Today, the Society for Theatre Research presented a Zoom reading of the the very first stage adaptation of Charles Dickens's novel Nicholas Nickleby.
Playwright Edward Stirling adapted the piece in 1838 while Dickens was still writing the novel, which came out in monthly installments from March of 1838 to October of 1839. Because the novel had only been published through the end of chapter 26 when the play's audience first arrived at the Adelphi Theatre to see it, Stirling had to make up his own ending.
Vincent Crummles had just shown up in the installment next to the last one that had appeared at the play's opening, so he is noticeably absent from Stirling's adaptation. The play instead focuses on Smike, the poor child Nicholas befriends at Dotheboys Hall. This was a trouser role originally played by Mary Anne Keeley, who the following year achieved considerable fame in the title role of Jack Sheppard.
STR's production, which was directed by Sue Solomon, stuck with the tradition of casting a woman as Smike. Rebecca Farrell played the role movingly when she appeared at the beginning of the play's third scene, mourning a child who had recently died from neglect at the aptly named Dotheboys Hall. Mr. Squeers (Mark Fox) arrived with the school's newest teacher, the eponymous hero Nicholas Nickleby, played by Hugh-Guy Lorriman.
The play, like the novel, alternates back and forth between Nicholas's adventures and the trials of his sister Kate back in London. Kate, played by Karen Moss in the STR reading, worked as a milliner in the establishment of Madame Mantalini (Sarah Andrews). The truly great role for the circle of characters around Kate is Madame Mantalini's husband, played hysterically today by Lachlan Wilson. It's clear in the novel that Kate's virtue is going to be threatened due to her precarious position as a young working woman in London without anyone to defend her. Stirling reasonably assumed the menace would come from Mr. Mantalini, who in the novel is mostly harmless, though.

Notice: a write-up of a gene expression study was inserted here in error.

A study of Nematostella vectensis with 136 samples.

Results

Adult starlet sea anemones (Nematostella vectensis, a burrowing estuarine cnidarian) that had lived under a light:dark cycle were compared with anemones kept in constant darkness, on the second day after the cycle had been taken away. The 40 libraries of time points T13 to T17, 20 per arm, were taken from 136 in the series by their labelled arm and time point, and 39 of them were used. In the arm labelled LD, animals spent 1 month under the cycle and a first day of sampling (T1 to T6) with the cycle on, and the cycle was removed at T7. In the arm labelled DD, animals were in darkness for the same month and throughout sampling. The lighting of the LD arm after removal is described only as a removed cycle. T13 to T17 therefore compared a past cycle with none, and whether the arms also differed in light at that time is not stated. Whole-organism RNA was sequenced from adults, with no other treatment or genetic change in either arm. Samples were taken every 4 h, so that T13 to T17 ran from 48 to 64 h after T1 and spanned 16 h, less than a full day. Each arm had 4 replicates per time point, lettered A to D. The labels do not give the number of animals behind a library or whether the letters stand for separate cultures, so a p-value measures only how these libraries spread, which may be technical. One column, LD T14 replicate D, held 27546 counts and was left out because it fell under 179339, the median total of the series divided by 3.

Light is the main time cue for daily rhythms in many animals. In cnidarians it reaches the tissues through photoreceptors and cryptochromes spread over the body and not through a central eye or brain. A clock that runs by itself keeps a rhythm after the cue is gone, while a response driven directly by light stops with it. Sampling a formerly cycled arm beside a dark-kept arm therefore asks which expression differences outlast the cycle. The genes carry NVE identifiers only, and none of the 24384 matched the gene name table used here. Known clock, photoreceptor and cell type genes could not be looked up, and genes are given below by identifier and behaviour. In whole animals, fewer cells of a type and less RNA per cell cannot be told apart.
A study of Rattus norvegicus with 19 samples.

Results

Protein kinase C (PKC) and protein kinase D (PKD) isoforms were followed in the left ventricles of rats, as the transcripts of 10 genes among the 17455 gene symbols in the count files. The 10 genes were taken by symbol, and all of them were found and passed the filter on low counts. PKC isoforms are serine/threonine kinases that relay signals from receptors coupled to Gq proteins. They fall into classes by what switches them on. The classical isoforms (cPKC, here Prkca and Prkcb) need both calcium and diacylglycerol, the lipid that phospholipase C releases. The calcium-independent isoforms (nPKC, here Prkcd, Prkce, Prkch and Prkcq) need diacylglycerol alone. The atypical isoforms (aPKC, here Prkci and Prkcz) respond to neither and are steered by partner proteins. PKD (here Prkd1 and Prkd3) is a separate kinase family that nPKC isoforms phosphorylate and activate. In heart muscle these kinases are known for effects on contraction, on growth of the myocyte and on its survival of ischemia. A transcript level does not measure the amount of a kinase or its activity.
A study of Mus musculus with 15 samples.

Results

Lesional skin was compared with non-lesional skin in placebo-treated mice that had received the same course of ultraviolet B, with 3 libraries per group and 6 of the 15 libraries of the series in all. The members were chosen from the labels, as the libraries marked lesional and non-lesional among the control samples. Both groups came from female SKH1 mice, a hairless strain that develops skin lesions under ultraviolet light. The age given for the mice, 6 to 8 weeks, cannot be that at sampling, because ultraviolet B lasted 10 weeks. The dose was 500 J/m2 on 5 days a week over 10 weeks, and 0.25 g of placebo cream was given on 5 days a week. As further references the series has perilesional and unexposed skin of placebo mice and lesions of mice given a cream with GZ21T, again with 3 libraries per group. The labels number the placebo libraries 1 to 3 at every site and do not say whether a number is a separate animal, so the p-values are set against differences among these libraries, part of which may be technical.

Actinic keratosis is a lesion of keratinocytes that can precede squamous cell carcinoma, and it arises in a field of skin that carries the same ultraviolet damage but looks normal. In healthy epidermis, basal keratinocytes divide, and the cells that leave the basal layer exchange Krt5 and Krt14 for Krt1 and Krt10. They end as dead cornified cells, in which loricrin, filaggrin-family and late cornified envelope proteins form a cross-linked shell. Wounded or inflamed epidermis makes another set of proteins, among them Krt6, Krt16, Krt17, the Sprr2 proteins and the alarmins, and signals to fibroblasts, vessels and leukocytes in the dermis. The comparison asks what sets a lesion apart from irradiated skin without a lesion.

A much larger change in plot comes at the end of the play, when Newman Noggs, played today by John Dobson, reveals that Smike is heir to a fortune, and all is resolved happily. For the most part, however, the adaptation keeps many of the highlights from the first half of the novel, including the hilarious antics of the Squeers family. I particularly enjoyed the performances of Sunita Dugal as Mrs. Squeers and Cheryl Jones as her daughter Fanny.
As is usually the case with Zoom, technical difficulties arose from time to time, but the cast dealt with them admirably. If we have to all stay inside due to COVID, at least organizations like STR are keeping theatre alive in some form.